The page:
I’m in the Starbuck’s on 125th and Adam Clayton Powell (7th Ave) staring over the shoulder of an old toothless guy sitting at the front counter eating his homemade breakfast, poking around in aluminum foil with a plastic fork, and drinking a tall dark roast. I can see a McDonald’s and a Verizon store, and I can observe the foot traffic outside—there’s a bus stop right there—and inside. At this hour, almost 9:00, the inside traffic gets whiter and the outside traffic gets blacker, in a reversal of Sundays at this hour. Dylan is the soundtrack, bleeding into vaguely country music, or plaintive pop, then Steely Dan intrudes, and before I can recover from this blow, Van Morrison reduces me to tears.
What is it I’m mourning? What is it I’m trying to remember? What is it I’m learning to forget? No way to know, not here, not now.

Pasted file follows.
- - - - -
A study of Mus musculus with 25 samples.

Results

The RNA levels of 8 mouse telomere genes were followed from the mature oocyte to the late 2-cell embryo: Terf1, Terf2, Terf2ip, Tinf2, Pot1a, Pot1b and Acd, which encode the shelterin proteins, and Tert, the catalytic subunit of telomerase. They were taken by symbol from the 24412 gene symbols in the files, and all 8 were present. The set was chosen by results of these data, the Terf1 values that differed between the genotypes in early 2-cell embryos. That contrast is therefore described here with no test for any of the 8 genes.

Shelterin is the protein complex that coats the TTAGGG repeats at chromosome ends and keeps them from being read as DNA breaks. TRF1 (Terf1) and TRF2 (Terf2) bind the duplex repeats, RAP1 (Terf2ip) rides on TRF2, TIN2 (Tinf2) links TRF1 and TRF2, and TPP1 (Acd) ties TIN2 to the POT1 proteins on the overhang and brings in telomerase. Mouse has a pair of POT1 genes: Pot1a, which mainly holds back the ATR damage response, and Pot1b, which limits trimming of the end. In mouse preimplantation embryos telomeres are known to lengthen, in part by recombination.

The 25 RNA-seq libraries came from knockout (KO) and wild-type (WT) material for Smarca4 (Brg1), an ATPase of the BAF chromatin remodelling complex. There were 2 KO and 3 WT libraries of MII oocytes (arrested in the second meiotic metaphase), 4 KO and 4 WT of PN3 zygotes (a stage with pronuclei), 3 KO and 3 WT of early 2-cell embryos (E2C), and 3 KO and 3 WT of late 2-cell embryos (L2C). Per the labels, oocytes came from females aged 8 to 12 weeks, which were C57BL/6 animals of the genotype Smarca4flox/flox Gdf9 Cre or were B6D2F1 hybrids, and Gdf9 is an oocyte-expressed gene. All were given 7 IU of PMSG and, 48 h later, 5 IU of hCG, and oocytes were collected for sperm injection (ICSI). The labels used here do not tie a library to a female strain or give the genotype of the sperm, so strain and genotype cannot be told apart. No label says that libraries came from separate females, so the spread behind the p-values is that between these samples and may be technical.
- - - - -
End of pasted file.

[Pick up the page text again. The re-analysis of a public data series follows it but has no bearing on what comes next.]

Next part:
I stop at the Bank of America next door, I get some cash because I plan to buy some beer at the deli on the corner of 7th and 123rd, where you have to pretend you’re a trader in the pit of the Commodity Exchange to make a purchase, it’s all hand signals and coded utterance.
I’m still wondering how the sanitized space of that Starbuck’s could have brought me back to a place I never lived when I look down at the colorful flyers on the counter. One advertises bus service to casinos and amusement parks in the tri-state area, the other advertises Prison Trips in New York State, indeed to every facility, as far as I can tell, except Attica and Riker’s Island (you can get to the latter via public transportation).
I ask the kid behind the counter about the Prison Trips, and he confirms that the pick-up points are in the outer boroughs, at subway stops. He tells me I can take the flyer because everybody around here already knows how to get to the prisons that hold their loved ones.
“People take this bus?” I ask him. “It sounds like a tour.”
“Yeah, it kind of is, you don’t go direct, there are stops on the way, you know, like a bus on the street.” He gestures toward 7th Ave.
“Stations on the fucking cross,” I mumble, but he hears me anyway.
He shrugs and says, “It’s not that bad.” He bags the beer, he looks at me directly. “It’s your family, you know?”